In George v. Laurentian Bank Securities Inc. the plaintiff  was hired by Laurentian Bank as Vice President, Equity Trading, then fired 5 months into his job.  His claim for wrongful dismissal was then heard by summary judgement, where his counsel argued that simply by virtue of being a Vice-President he was entitled to at least 12 months’ notice, regardless of the fact that he had worked at Laurentian Bank for fewer than 5 months.

In rejecting the plaintiff’s request for an extended notice period, the Court noted that:

each case is driven by its particular set of facts.  There is no static formula to be applied relative to the length of time the terminated employee was employed.  Rather, the court must consider the Bardal factors within the factual matrix presented which might include, for example, whether an employee had been induced to leave other employment. 

Accordingly, the Court determined that, in the circumstances, the employee was not entitled to such a disproportionate notice period, without even needing to address the contention that senior management/executives are presumptively entitled to such high minimum periods regardless of length of service.  Instead, the Court relied on the facts to find that the plaintiff was neither a senior manager nor executive, and that the normal analysis of the facts of his case yielded a reasonable notice period of 2 months, specifically citing his age (58 years old) as a factor increasing the notice period.  It is also significant to note that neither the fact that the plaintiff was still unemployed after more than a year, nor the fact that the decision was rendered during the COVID-19 Pandemic resulted in any specific “bump” in the notice period.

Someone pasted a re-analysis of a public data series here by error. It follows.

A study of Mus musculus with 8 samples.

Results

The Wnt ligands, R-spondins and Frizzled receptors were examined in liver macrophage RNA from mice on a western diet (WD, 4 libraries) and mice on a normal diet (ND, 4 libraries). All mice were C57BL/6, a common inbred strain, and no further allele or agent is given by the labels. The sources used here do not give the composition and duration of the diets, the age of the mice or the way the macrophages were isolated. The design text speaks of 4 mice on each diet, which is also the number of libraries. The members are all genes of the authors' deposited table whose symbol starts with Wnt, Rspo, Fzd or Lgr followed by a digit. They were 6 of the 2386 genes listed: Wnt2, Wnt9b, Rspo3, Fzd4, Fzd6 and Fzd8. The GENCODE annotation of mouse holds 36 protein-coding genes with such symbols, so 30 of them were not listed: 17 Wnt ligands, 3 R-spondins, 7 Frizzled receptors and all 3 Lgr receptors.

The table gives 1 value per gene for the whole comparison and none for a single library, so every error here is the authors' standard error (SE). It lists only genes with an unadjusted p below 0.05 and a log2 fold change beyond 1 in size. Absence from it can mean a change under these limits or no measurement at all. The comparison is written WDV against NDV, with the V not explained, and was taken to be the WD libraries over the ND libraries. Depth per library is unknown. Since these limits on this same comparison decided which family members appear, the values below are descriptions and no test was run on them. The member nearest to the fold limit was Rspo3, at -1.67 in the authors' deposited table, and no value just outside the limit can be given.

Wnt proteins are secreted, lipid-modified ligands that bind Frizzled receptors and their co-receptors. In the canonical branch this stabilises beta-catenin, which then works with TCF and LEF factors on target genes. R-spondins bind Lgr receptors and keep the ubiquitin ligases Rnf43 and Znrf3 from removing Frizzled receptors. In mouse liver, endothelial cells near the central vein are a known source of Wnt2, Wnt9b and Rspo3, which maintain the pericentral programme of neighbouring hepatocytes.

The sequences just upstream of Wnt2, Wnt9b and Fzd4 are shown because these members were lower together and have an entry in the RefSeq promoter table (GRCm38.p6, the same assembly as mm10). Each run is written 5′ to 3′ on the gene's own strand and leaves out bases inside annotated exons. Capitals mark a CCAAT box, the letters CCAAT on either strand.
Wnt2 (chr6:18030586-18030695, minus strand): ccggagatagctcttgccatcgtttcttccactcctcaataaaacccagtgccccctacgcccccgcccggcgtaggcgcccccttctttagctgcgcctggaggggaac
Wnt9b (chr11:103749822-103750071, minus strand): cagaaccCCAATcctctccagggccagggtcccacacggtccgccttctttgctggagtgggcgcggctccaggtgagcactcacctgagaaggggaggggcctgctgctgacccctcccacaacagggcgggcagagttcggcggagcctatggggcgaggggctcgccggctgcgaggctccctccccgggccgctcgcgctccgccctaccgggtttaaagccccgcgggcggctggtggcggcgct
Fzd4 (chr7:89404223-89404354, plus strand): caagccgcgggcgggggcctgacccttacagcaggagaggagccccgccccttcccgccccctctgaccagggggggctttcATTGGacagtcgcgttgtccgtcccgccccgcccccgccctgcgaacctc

Although this case may not represent a sea change in the world of wrongful dismissal litigation, it is encouraging to see that not every decision digs a deeper hole for employers.  Rather, this decision demonstrates that proper legal argument and reasoning still applies, which is where the team at CCPartners can help when you are facing a wrongful dismissal claim.